Residential recycling bins in front of a home in Chicago.

Data from the Environmental Protection Agency shows that waste generation per person has nearly doubled since 1960.

America Recycles Day was once again marked by recycling operators, government entities and others last month. It’s a campaign I’ve supported in various capacities since its national inception in 1997.

But while I support recycling and composting (and think it should be celebrated), I also believe we need to move our efforts up the waste hierarchy and turn the spotlight on waste prevention and reuse.

As a society, we focus too much on recycling and not nearly enough on our culture of infinite consumption, which feeds our recycling centers – and fills our landfills and incinerators – with materials extracted from the earth. Extracting resources just to make stuff we turn around and throw away or recycle has devastating consequences for the planet.

The focus on recycling also creates a culture of guilt-free consumption, allowing people to feel they can consume more and more as long as they think what they’re consuming can be recycled.

We can’t simply recycle more. We need to consume consciously.

Global implications

Data from the Environmental Protection Agency shows that waste generation per person has nearly doubled since 1960. Our discarded stuff not only fills up landfills and feeds incinerators, but producing it uses water, creates pollution and generates greenhouse gas emissions, all of which harm wildlife and habitat. Infinite consumption, even if what we’re consuming is recycled, cannot be the path forward for planetary resilience.

The Center for Biological Diversity, where I work on consumption issues, is a national nonprofit conservation organization dedicated to the protection of endangered species and wild places. We recently released the results of a national survey exploring these issues (the report is called “Contraception and Consumption in the Age of Extinction: U.S. Survey Results”).

The survey found that three out of four respondents think the United States is doing too little to protect natural resources like water, air, wildlife and land. Seventy-four percent of respondents think the average American consumes too many natural resources, and three out of four say they are willing to reduce their personal consumption by buying only what they need.

While the vast majority believe society has a moral responsibility to prevent wildlife extinctions and they acknowledge a connection between consumption patterns and environmental impact, nearly half of all respondents said they think they consume fewer resources than the average American.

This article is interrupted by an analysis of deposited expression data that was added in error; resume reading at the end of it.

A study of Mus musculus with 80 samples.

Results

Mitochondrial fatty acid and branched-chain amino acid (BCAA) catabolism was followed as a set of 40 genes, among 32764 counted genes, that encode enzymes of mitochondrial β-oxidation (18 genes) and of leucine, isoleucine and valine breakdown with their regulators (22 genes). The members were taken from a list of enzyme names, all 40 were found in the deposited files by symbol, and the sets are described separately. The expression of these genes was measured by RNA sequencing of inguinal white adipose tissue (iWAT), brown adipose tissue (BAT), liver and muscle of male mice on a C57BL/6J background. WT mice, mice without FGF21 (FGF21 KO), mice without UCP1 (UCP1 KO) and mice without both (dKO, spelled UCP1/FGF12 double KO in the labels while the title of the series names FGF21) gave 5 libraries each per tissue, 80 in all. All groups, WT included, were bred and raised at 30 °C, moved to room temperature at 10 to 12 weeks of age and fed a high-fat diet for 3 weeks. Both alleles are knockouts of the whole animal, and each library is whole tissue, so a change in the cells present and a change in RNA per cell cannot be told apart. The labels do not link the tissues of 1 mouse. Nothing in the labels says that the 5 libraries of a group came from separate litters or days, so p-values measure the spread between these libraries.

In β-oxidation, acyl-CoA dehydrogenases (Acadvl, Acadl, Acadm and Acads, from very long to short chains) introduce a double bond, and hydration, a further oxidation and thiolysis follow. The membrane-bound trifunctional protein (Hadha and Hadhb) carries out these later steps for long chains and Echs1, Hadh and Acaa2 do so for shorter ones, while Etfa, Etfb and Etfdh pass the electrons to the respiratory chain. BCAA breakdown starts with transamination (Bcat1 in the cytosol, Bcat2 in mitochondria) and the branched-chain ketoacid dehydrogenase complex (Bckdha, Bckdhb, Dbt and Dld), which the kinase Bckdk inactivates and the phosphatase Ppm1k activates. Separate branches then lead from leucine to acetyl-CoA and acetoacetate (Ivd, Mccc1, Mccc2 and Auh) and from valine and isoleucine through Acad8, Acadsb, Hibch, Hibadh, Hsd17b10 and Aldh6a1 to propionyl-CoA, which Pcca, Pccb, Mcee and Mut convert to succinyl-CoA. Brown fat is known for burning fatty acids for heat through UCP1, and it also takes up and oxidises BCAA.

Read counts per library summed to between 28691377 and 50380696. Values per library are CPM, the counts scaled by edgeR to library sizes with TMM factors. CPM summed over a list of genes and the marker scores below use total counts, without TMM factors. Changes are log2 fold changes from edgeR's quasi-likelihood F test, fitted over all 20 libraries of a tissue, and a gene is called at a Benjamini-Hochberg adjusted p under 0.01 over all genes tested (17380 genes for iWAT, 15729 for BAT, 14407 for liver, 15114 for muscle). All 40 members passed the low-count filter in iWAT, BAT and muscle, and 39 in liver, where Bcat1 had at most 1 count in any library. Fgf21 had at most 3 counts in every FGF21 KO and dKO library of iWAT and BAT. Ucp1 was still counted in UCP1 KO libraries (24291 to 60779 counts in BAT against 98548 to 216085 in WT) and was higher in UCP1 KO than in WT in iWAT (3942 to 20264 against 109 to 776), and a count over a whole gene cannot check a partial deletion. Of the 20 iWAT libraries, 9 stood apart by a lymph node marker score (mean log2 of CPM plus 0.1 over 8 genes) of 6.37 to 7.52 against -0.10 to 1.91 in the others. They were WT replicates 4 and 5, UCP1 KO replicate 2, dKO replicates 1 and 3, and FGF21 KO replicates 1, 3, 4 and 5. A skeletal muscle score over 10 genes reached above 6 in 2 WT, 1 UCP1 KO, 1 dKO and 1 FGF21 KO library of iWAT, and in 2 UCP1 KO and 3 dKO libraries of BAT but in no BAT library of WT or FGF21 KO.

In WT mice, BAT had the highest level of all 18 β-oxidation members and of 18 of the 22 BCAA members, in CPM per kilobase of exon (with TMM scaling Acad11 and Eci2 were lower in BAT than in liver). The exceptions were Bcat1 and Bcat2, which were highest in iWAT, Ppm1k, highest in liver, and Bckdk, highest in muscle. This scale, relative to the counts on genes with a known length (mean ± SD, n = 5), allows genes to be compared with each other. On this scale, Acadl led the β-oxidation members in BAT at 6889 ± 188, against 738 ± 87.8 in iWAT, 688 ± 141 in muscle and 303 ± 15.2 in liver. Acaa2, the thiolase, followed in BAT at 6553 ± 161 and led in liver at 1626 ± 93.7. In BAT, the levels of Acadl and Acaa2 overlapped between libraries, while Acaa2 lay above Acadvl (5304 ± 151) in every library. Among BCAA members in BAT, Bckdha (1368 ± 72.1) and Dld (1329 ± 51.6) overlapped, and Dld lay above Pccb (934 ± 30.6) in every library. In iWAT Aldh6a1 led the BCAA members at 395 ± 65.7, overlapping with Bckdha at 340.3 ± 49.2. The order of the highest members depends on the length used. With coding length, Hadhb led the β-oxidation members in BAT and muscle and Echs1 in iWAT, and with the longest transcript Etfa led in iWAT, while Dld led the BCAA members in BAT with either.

In other words, those surveyed realize we have a consumption problem in America, but they don’t think their personal actions are the problem.

I am calling on those celebrating America Recycles Day to broaden their outlook for the health of people and the planet. Let’s create systems to support the 82% of Americans willing to reduce their personal consumption. Let’s build cultural and business models based on a foundation of waste prevention and reuse – not just recycling. Let’s make sure we support a living-wage workforce and provide job training to help transition workers from waste management to waste prevention and reuse roles.

Smart from economic perspective

The solutions to make all of this a reality already exist.

When food establishments switch from single-use to reusable cups, containers and packaging systems, they can save money.

Community-based reuse systems create good jobs and aren’t at the mercy of global supply chains that could fall apart in times of crisis. Local chambers of commerce and business development offices should support robust thrift, rental and bulk store opportunities.

Customers today are looking for supply-chain resilience and renewed value propositions. They want to know what to do with their products when they break. Supporting right-to-repair policies, along with encouraging products to be designed for increased durability, is important.

Meanwhile, however, the fossil fuel industry is aggressively expanding plastic production, which is being driven by an oversupply of cheap, fracked natural gas in the U.S. The biggest thing we can do to reduce plastic pollution and support the frontline communities bearing the health and environmental impacts of fossil fuel development and plastic production is to make less plastic.

We must support the Break Free from Plastic Pollution Prevention Act, which seeks to put a temporary pause on new plastic facilities until the EPA updates and creates important regulations for those facilities. That bill also includes other waste prevention policies such as extended producer responsibility and single-use plastic bans.

The health and well-being of humans is intrinsically linked to the health and well-being of nature. We owe it to the 76% of Americans who think the U.S. is doing too little to protect natural resources to create thoughtful waste prevention and reuse policies and campaigns.

Let’s turn the tide. Let’s commit to moving up the waste management hierarchy and supporting waste prevention and reuse to decrease resource extraction, conserve land, save energy and water and decrease greenhouse gas emissions that contribute to global climate change.

Kelley Dennings is a campaigner with the Center for Biological Diversity. She has worked for local and state government recycling departments, along with a national nonprofit, where she used the America Recycles Day campaign to instigate action.

This article appeared in the December 2020 issue of Resource Recycling. Subscribe today for access to all print content.